Chuck In Oregon


    His name was Dr. Nikolai Olshevich. That's him on the right. His medical graduate badge is yet another version of the one that George, and later I, posted in the thread "Doctor's Badge". This one is solid silver, proofed and hallmarked. There might be a single trace of gilt in the mouth of the left snake, but I'm not at all sure. The design below the cup (pestle?) is different, as is the ribbon design at the very bottom.

    It seems to be a three part badge. The base part, which you can see on the reverse as the big U-shape with the ribbon at the bottom, is just something to hang the rest of the badge on. The leaves are individually crafted and hung on that U frame. The imperial eagle frame looks like it came out of stock and could have been used for a variety of themed badges. They knew, even then, that the top crown tended to snap off, so they built in a small support with two legs on the reverse to strenghthen the crown portion.

    The defining portion is, of course, the solid silver medical insignia. All of this work seems to have been done at a very high skill level. There were many gifted silversmiths and jewelers in Tbilisi back in the day.

    It looks like the screwback is merely plated bronze.

    More to follow.



    The happy little guy coming out of the egg on the barrel, holding a loaf of flat Georgian bread and a wine cup, is a Georgian "tamada" (accent on the last syllable). It is a classic Georgian caricature. Georgia is famous for its "supras", or banquets, and equally known for its toasts and toastmasters, or tamadas.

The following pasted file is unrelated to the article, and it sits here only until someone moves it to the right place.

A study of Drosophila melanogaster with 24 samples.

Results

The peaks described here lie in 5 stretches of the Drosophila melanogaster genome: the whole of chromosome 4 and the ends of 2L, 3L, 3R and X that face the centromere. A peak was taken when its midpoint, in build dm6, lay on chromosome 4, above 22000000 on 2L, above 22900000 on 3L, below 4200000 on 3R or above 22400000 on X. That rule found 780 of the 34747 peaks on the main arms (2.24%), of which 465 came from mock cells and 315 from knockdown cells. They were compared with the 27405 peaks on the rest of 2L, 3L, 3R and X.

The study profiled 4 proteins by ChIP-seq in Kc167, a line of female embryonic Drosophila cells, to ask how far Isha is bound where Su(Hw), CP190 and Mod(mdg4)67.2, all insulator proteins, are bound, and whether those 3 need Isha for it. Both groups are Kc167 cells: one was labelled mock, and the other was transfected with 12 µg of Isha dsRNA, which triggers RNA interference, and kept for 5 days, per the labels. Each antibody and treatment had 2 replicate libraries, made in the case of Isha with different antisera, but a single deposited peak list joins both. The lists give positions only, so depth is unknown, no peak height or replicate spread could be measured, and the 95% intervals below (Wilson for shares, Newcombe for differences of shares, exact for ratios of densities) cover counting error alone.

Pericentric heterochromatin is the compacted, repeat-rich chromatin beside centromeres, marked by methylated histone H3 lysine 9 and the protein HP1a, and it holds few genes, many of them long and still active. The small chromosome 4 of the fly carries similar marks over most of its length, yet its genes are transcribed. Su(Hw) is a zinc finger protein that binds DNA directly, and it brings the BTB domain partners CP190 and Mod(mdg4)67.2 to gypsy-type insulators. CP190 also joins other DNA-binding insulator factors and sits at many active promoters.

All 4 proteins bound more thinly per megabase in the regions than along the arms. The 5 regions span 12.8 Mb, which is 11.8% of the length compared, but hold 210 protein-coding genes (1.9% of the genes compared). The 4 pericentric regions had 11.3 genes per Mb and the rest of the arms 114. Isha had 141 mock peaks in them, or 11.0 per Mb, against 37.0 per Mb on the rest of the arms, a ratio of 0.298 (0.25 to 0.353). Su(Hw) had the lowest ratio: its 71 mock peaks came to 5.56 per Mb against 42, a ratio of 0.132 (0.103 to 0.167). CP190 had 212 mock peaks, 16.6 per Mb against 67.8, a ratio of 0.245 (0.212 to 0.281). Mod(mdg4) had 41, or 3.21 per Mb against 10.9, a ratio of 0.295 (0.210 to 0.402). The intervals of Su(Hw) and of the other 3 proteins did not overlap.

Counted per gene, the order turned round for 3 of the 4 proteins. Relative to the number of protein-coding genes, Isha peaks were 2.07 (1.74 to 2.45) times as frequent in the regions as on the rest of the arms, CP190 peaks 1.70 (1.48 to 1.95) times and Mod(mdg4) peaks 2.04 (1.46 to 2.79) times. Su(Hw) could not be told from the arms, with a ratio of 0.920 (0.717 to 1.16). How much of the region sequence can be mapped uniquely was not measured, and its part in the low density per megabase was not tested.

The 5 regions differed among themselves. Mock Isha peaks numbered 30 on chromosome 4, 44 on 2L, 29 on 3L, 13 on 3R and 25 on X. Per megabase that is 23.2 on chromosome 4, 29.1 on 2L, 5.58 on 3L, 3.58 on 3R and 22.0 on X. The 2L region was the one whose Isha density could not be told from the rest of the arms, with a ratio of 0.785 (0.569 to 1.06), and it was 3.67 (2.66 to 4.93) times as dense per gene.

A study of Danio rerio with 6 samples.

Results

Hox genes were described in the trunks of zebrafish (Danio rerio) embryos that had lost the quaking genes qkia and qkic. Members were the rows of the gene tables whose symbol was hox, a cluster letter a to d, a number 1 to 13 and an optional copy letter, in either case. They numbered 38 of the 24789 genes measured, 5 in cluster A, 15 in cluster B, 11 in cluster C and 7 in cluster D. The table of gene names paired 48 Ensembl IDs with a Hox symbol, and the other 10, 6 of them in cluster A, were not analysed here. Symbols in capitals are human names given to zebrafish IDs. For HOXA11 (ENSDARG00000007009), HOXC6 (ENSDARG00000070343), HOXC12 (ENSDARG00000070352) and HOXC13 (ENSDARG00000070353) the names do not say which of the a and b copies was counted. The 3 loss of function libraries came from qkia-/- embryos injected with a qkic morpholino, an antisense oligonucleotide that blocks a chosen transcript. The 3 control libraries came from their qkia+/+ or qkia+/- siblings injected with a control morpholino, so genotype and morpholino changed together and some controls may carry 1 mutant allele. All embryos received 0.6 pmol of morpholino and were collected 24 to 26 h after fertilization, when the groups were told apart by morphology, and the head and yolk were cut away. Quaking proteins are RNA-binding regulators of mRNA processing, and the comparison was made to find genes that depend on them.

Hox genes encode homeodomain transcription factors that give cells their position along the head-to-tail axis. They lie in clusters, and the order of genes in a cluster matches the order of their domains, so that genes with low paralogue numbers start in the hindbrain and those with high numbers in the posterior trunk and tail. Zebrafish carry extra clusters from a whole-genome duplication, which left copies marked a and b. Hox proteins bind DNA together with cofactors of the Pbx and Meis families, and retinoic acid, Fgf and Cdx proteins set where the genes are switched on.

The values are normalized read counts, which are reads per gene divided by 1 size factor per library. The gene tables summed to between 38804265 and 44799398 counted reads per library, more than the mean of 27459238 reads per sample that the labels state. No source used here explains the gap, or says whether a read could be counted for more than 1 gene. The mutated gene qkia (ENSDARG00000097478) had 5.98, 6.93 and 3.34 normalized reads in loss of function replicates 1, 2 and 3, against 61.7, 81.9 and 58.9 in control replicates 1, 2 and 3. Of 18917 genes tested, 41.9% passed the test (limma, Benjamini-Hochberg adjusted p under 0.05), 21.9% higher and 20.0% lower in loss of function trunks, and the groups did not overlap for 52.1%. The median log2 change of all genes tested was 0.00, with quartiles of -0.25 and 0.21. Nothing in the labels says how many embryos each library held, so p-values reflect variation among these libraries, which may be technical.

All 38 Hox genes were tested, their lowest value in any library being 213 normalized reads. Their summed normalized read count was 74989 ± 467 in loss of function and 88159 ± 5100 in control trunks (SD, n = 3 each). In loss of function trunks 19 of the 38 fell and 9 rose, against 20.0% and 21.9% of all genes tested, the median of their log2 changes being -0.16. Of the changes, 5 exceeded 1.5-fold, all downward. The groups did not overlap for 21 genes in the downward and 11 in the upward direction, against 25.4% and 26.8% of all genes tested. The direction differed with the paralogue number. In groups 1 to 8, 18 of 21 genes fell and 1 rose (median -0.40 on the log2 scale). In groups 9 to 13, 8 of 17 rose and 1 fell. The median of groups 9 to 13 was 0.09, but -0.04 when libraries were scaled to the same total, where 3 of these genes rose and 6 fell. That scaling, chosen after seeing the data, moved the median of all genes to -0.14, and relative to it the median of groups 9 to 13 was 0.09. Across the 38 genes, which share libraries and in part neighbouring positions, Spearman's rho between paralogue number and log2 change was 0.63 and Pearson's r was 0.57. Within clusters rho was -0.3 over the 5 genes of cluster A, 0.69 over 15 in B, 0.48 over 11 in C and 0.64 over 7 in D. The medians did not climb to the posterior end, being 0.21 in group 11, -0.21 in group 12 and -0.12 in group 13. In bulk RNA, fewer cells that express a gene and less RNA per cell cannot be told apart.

The tamada is in total control of the supra, giving opening and closing toasts and dozens of toasts in between. No one else can propose a toast without asking the tamada's permission. There is a progression of toasts, interspersed with toasts to each attendee, to whatever event might have occasioned the supra, to current events in general, and to anything else that might occur to the tamada. You are expected to drain your wine glass after every toast. Supras can and do last for hours. Three hours would be quite ordinary. It is not at all unusual for everyone to drink 3-5 liters of wine each. Did I mention that wine was invented in Georgia? True.

    Being a skilled tamada is a highly respected art form in Georgia. Two of the most well-known tamadas are brothers, one a doctor and the other a former head of the KGB. I have dined with the former many times and the latter a few times less. They are personable, charming and adept tamadas, and each thinks that his brother is the second-best tamada in Georgia. It seems that every group or clan has its favorite tamada who is called into service at the drop of a supra.

    I can't know for sure, of course, but this jeton was almost certainly presented to the good doctor at his birthday supra.

    * * * * *

    The other is a shooting jeton of a type that I haven't seen before. Quite possibly, he or his family commissioned it for him. It was expensive, even then.

    The shoulder board is solid gold with high quality translucent red enamel with a simple pattern beneath. The main part of the jeton is silver, with (again) high quality translucent green enamel with a sunburst design beneath. The shooter is solid gold. Both parts are proofed and hallmarked.

    The inscription on the reverse is "N. Olshevich, For Excellent Shooting, 153rd Regiment" then a slash and an abbreviation that might stand for Infantry, as in 153rd Infantry Regiment. I don't know. Then the name Alexander, which may be part of the name of the regiment, and the year, 1913.

    OK, I hope you have enjoyed this little group. Now post some of yours. George, you get a pass on that part.




    * * * * *

    Hi David

    I, too, enjoy attributed items. If I could only find a few more, I would collect them as a theme. Attributed Imperial items have been hard for me to find, and attributed Imperial groupings even harder. I value the few I own. I'll post them here as time allows.